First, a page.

Meningitis epidemics in Africa are most prevalent in the “meningitis belt” that stretches across sub-Saharan Africa. About 26 countries and 450 million people live in this area.
According to the World Health Organization (WHO) Weekly Meningitis Bulletin for West Africa, through Apr. 30, a cumulative total of 13,423 suspected cases of meningitis have been notified with 1,127 deaths (CFR 8.4%).
The Democratic Republic of the Congo (DRC) has reported the most cases and deaths with 3359 and 332, respectively. Nearly 10 percent of cases resulted in death.
Ghana, Burkina Faso, Togo and Niger follow in order, each with more than 1000 cases year to date.
Streptococcus pneumoniae (pneumococcal meningitis) is the type of bacterial meningitis predominant in the meningitis belt, followed by Neisseria meningitidis serotype W and Neisseria meningitidis serotype C.
According to WHO, Meningococcus is transmitted by aerosol or direct contact with respiratory secretions of patients or healthy human carriers. As a rule, endemic disease occurs primarily in children and adolescents, with highest attack rates in infants aged 3-12 months, whereas in epidemics older children and young adults may be more involved.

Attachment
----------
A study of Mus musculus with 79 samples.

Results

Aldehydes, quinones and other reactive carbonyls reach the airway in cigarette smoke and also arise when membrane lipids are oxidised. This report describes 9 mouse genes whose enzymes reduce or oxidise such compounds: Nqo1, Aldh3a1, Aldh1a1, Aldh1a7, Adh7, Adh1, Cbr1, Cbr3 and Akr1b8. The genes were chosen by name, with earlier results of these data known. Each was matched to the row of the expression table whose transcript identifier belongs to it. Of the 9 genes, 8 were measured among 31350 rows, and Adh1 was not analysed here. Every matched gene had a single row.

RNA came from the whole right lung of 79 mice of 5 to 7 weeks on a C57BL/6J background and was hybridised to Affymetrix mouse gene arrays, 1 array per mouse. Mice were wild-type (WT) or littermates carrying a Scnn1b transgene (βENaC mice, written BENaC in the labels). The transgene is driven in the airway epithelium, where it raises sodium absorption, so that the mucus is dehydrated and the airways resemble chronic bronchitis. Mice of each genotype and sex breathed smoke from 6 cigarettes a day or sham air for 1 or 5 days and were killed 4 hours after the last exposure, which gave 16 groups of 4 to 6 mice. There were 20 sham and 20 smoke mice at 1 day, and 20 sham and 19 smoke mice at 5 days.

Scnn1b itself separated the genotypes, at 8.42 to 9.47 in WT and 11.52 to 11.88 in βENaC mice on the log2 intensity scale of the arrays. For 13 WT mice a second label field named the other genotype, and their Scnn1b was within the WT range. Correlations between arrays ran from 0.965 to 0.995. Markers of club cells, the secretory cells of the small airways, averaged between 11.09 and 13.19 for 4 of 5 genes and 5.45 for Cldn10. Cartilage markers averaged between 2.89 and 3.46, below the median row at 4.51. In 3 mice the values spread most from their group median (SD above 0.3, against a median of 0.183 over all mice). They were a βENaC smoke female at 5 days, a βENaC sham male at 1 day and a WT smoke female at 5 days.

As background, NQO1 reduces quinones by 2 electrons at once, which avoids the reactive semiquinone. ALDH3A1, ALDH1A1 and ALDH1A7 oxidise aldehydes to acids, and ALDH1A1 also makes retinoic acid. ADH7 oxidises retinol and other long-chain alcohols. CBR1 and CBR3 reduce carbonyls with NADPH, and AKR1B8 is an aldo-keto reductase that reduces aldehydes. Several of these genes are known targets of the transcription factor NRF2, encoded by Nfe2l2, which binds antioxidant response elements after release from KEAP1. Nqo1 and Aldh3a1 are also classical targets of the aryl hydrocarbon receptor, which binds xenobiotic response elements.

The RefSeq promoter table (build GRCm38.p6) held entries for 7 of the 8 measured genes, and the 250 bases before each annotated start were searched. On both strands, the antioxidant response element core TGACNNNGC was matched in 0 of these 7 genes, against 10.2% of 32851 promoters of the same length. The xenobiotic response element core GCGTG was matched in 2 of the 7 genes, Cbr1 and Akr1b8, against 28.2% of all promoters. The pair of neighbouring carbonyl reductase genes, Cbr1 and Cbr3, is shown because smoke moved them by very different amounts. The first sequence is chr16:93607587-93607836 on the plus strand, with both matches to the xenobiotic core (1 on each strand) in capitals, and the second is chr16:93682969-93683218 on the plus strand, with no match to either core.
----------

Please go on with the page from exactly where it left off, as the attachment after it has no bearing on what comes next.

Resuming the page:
Nasopharyngeal carriage of meningococci is most common among adolescents and young adults, less so among young children and relatively rare in adult populations. Transient nasopharyngeal carriage rather than disease is the normal outcome of meningococcal colonization.
However, the rapid progression of meningococcal disease frequently results in death within 1-2 days after onset. 5-15% of children and young adults carry meningococci in the nose and throat, so chemoprophylaxis is of little value for the control of most endemic and epidemic disease. Immunization is the only rational approach to the control of meningococcal disease.